New Responses to the Brontes with Andrew McMillan c. Maria Spadafora-20

Festival 5 Ws Part 4: Daljit Nagra and Andrew McMillan

Ex-Ilkley Young Writer and Writing Squad member Amy Luxton explores the Whos, Whats, Wheres, Whens and Whys of the Festival!

ilf16_new-bronte-responses_maria-spadafora-36Who?
Poets Daljit Nagra and Andrew McMillan, plus the winner and runners up from the Walter Swan Poetry Prize.

Where?
All over.

When?
Pretty much any time. A lot of the pieces were contemporarily set, but some explored the past (whether family history or world history) and some were timeless.

What?
Poetry is as diverse as any other form of writing, although enough people – that well-known ‘I unconditionally hate poetry’ crowd – say otherwise. A Shakespearian sonnet is (usually) not a piece of slam poetry, though Shakespeare probably wouldn’t have feared getting in front of a microphone if he’d had one. That’s the beauty of poetry. It’s as mixed-up and creative as any other form, and takes up a lot less space. So, the answer to the ‘what’ for this event was ‘what wasn’t there’?

Nagra and McMillan weren’t the afternoon’s only performers. The first readings were from entrants of The Walter Swan Poetry Prize. In third place, Ian Royce Chamberlain with ‘Clearing Out’, a piece about a narrator scrubbing an unknown ‘her’ from their life. In second place, with another, gentler sense of loss, Naim Kennedy’s ‘This Year’ – similar themes, but a totally different setting, moving away from the domesticity of clearing out a house and into a wild stormy night, “Tuesday night, / the night you left”. Finally, winning Janet Norton’s ‘Umbilical’ branched out into the natural processes of the body, bringing a fresh sense of hope and new life. Three pieces, three topics, similar in some ways, different in others, and we hadn’t even started.

Andrew McMillan, Ilkley’s poet in residence, is a writer with a keen interest in bodies, as the title of his first collection, Physical, suggests. His themes of the afternoon ranged from AIDs to Oedipus. Some topics, such as parenthood and the end of relationships, were touched on by the Walter Swan winners, but none hit upon masculinity better than McMillan with one of my personal favourites from Physical – ‘The Men are Weeping in the Gym’, which explores the toxic environment of bodybuilding and male prowess. All his pieces had an understated quietness about them, no matter the gravity of the theme, but no two were the same.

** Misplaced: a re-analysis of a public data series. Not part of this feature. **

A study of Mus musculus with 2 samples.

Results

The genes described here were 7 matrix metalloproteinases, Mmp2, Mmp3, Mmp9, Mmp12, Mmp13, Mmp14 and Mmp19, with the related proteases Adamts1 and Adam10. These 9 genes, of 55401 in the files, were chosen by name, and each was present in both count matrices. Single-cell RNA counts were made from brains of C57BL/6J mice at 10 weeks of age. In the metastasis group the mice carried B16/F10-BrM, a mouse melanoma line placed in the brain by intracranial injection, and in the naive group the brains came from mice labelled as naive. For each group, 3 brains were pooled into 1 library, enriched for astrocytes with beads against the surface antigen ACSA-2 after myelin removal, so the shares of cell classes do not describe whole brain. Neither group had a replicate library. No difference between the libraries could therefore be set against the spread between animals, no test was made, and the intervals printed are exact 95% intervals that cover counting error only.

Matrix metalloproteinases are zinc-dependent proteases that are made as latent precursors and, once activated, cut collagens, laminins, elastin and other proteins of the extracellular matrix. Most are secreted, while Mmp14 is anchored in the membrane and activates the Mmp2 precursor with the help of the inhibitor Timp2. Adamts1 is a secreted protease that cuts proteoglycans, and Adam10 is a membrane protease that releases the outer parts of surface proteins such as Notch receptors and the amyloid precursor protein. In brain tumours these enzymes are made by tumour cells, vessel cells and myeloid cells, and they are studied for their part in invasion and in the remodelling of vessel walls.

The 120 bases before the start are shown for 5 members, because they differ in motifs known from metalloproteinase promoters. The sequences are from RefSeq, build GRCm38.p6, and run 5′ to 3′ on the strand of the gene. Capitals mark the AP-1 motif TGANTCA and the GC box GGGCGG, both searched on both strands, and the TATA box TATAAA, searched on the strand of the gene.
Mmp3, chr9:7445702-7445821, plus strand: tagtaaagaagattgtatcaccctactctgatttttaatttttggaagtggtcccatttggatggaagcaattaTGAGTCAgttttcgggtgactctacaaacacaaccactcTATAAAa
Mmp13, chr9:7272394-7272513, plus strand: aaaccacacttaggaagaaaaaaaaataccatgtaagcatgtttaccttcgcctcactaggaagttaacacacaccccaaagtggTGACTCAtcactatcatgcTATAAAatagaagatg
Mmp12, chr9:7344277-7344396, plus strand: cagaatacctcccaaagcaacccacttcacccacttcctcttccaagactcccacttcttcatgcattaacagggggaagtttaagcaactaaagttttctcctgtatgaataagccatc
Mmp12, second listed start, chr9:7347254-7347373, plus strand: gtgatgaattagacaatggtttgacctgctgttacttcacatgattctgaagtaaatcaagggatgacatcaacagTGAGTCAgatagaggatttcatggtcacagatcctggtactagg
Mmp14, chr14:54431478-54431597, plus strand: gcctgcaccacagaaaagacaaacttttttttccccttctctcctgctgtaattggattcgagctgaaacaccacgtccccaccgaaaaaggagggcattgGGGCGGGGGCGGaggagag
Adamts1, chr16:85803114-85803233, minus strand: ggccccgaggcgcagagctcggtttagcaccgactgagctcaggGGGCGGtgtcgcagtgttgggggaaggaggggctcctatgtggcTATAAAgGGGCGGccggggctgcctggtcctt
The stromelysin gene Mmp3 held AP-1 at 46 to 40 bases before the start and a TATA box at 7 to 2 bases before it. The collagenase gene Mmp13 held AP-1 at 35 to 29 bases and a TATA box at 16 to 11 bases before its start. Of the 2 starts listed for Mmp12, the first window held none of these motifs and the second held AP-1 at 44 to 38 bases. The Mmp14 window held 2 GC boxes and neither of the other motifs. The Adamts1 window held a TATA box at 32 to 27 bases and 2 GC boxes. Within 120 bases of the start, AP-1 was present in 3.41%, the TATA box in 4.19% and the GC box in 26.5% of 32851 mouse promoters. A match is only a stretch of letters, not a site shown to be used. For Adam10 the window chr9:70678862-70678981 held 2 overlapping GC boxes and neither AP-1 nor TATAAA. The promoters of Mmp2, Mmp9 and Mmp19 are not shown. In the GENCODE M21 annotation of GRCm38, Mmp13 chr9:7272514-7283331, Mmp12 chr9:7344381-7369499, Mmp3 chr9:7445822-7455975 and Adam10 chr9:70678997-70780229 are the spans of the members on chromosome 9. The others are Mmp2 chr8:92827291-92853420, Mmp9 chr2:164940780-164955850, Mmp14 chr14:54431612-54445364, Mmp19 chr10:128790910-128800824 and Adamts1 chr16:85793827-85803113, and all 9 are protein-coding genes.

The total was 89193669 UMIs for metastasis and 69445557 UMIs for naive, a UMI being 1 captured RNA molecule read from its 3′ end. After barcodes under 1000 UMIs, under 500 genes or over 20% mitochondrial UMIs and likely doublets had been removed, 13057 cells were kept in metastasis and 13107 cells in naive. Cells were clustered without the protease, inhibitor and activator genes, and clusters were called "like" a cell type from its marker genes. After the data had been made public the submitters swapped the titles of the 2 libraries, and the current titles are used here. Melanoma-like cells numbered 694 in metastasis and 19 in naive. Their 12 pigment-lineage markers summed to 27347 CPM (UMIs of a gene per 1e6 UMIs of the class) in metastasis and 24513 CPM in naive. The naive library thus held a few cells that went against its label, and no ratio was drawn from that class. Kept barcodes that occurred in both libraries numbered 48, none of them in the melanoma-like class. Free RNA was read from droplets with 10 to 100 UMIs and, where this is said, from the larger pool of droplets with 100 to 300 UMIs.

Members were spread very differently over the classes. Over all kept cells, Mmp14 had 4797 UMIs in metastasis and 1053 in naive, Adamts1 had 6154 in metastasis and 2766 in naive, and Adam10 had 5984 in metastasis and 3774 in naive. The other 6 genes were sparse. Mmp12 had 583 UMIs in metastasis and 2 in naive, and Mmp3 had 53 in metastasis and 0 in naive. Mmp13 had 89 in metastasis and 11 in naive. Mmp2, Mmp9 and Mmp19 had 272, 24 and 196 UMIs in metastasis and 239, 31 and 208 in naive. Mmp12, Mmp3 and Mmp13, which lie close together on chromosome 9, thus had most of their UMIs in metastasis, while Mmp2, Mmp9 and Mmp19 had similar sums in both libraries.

Next on stage: Daljit Nagra. Saying that many of his poems are loud, he took a lead from McMillan’s softer work with some less booming pieces, stating that, when challenged by his editor to stop using so many exclamation marks in his work, he simply replaced them with questions. You only need to compare the titles of some of his collections to realise that Nagra is a poet with a large range behind him – Look We Have Coming to Dover sounds a whole world away from Tippoo Sultan’s Incredible White-Man-Eating Tiger Toy-Machine!!! (although the exclamation marks are creeping in there). Some of his readings were sad, some political, some humorous, others a mix of all three. Many were domestic, contemporary – a loud husband, a man seeing his dead wife in a cloud. Another explored the history of the British Museum, its complex foundation of art and violence, and the anxiety between the two. His readings were some of the most varied of the afternoon, and for that reason, although he wasn’t a poet I was fully aware of before the festival, I will definitely go back for more.

Why?
Because poetry is not all the same. A hundred poems might exist about a single topic, but none of those pieces breathe the exact same way. To have all those ‘whats’ packaged into a single afternoon was a great idea and a lot of fun.

 

amy-luxtonAmy Luxton is a twenty-one year old graduate of English and Creative Writing at Lancaster University. Born in West Yorkshire, she was a long standing member of Ilkley Young Writers and is currently a member of the northern-based Writing Squad and enjoys working with themes of place and history in prose, poetry and non-fiction.